Money laundering, the channelling of ill-gotten gains through banks and companies to make it appear legitimate, typically takes three forms - physical cash couriering, bank transactions, and export trade. And use of those last two methods appears to be on the increase. In January this year the FATF warned that as Covid has forced banks to move their customer interactions online, criminals have exploited difficulties in verifying customer identities.
During the crisis it found more than 60m new accounts were opened online, but not every digital ID was reliable. At the same time the pandemic left many businesses in financial need, making it easier for criminals to use reputable but failing enterprises as a front for illegal activity. FATF report cited one network using trade-based money laundering to move $400m over several years.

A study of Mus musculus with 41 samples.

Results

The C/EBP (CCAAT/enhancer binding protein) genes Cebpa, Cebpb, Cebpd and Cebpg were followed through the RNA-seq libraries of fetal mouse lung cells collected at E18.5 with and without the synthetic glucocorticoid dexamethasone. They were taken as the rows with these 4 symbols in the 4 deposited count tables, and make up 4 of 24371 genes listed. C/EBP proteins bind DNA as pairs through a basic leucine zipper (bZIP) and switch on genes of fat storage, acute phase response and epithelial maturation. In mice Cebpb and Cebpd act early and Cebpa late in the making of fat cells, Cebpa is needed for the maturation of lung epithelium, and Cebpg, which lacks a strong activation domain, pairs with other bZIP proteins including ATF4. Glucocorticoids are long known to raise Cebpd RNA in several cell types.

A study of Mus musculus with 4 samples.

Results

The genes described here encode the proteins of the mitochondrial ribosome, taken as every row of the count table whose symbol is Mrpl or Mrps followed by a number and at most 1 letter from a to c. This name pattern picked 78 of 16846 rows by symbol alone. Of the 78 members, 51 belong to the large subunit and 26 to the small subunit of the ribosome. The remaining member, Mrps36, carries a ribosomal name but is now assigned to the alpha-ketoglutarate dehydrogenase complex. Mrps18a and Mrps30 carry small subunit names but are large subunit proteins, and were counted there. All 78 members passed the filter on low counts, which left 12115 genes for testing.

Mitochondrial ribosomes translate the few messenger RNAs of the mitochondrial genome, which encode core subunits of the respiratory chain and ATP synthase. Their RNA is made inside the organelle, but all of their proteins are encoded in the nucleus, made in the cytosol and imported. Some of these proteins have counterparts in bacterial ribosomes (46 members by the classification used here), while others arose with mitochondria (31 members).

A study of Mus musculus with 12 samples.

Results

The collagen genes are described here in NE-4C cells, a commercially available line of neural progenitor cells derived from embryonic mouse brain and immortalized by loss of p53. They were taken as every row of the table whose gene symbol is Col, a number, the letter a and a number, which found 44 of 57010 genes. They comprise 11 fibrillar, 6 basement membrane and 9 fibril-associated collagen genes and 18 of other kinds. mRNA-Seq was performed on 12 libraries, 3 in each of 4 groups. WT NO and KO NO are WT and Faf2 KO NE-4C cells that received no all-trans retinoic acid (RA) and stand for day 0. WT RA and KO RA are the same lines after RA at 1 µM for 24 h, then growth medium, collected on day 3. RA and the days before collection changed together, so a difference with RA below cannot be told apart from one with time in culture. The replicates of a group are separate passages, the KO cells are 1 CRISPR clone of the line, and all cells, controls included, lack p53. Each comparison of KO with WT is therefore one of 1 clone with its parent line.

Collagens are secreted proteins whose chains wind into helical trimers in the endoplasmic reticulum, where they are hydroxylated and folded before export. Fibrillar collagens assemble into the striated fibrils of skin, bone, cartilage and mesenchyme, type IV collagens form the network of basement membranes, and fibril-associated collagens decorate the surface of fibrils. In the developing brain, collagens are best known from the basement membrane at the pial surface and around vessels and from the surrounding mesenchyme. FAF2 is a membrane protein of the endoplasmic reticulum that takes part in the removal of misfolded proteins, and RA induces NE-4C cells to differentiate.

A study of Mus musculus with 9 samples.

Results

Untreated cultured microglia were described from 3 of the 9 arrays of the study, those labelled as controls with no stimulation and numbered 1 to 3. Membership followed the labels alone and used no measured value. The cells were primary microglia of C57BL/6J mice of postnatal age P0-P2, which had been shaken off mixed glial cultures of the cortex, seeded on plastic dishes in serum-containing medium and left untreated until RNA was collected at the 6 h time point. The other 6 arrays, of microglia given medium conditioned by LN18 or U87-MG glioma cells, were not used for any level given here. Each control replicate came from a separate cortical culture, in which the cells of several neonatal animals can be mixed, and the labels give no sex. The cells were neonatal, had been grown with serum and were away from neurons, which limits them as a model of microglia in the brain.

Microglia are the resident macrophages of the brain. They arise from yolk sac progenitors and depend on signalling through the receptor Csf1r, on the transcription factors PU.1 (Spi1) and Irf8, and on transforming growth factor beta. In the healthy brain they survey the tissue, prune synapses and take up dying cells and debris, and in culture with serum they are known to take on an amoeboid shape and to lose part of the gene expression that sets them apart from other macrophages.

No precise totals can't be calculated, but a United Nations study has estimated annual criminal proceeds as 3.6 per cent of global GDP, with 2.7 per cent, or $1.6tn, being laundered. And it's rising. In the UK alone a national risk assessment found a 20 per cent increase in suspicious activity reports over 2019 and 2020. But countries are taking action. In the US a new anti-money laundering act gives authorities more powers to demand documents from foreign banks and increase its co-operation with overseas governments.
And in the EU a central anti-money laundering supervisor has been created to increase enforcement. They need to step up the fight. The director-general of the UK's National Economic Crime Centre has admitted the hit rate of people charged is still only 3 per cent.